Sam Roberts sat down to talk to Warrior at a WWE 2K14 event and in a brief interview covered a wide-range of burning fan questions - what the video game deal means for his relationship with WWE, Vince McMahon and a possible return.

At the recent WWE 2K14 Pre Order announcement press conference, Sam Roberts of Opie & Anthony fame got a chance to sit down with the star of the event, Warrior, previously known as The Ultimate Warrior.

As we told you yesterday, the character that Warrior made famous in the late 1980s and early 90s is a downloadable roster member for the new game. The code is only available if you pre-order.

In the video, brought to you by Robert's YouTube channel, the two get together for a quick chat on the game, what his presence in it means and wrestling in general.

On his relationship with WWE:

Warrior handles his own licensing, and this deal is with 2K, not WWE. Of his relationship with the company, he says, for the first time in a long time, "we're not fighting...but I can't tell you anything about the future."

On who he'd like to face in a return:

He doesn't watch wrestling, so while he's aware of the "top guys", he couldn't give an answer. Warrior is "indifferent" to the idea of a return. "Chances are good my days in the ring are done," he said.

On a match with Vince McMahon:

In a great moment, while Warrior considers his answer to whether or not he would like a match with McMahon, his ten year old daughter Matty chimes in with a quick "Yep" from off camera. For his part, while he agrees that it could be great due to "real heat" between the two men, he doesn't make it sound like something that will happen.

Rather than making their issues sound too personal, however, he chalks it up to the fact that, "Vince's intensity for things hasn't died...and neither has mine."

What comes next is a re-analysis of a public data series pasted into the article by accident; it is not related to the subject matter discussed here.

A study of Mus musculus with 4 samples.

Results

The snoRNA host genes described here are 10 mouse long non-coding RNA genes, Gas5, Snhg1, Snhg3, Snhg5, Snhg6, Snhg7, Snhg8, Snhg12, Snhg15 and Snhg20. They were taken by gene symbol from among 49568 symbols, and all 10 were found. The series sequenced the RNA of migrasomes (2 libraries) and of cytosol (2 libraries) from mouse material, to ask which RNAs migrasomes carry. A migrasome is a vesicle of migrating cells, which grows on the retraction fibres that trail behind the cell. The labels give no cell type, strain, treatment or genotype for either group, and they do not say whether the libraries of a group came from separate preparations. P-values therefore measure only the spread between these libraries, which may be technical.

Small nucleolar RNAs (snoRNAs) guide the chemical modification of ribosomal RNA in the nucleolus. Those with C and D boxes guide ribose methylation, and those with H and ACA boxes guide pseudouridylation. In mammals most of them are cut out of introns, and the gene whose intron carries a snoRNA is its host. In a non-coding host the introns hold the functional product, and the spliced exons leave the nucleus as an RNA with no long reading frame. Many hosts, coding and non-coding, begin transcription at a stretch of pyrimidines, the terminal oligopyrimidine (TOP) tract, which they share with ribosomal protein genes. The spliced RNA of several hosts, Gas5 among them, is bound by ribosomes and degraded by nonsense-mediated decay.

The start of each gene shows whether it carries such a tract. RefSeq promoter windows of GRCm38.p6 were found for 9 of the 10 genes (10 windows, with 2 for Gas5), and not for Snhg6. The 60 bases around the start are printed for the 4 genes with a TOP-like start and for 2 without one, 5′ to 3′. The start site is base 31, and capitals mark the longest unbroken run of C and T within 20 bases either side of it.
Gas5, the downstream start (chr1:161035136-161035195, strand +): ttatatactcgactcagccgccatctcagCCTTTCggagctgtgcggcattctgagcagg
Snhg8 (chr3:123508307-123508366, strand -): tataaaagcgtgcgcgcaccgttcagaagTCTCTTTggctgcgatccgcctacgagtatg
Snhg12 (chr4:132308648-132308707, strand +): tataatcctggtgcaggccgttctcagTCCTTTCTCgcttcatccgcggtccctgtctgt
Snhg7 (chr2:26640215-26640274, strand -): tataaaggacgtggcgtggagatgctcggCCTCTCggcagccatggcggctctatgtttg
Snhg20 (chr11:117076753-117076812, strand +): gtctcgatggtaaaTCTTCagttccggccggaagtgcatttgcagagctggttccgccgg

On the business today:

The man from parts unknown notes that there aren't "characters" today like there were in his day, and points out internet and social media as the cause. He didn't have to worry about Twitter critiques or how to interact with the fans outside of his time as a performer, and he's not sure how that would have effected him or The Ultimate Warrior character.


It's a good interview from a real legend of the business, and not one that it sounds like we'll see in a wrestling setting again, outside of video games and archival footage.

Editorial aside - he gets a lot of crap from us for having been a crappy worker (he was) and having controversial politics (he does), but I admire his worldview. The man legitimately doesn't seem interested in living in the past outside of how it can provide financial stability for he and his family, and speaks often of giving everything he has to whatever he's doing at the moment. His advice to fans, "if you love the game...don't be bothered by other stuff...just get into it - all the way", makes me a happier smark when I remember to follow it.

Load the spaceship with rocket fuel and enjoy!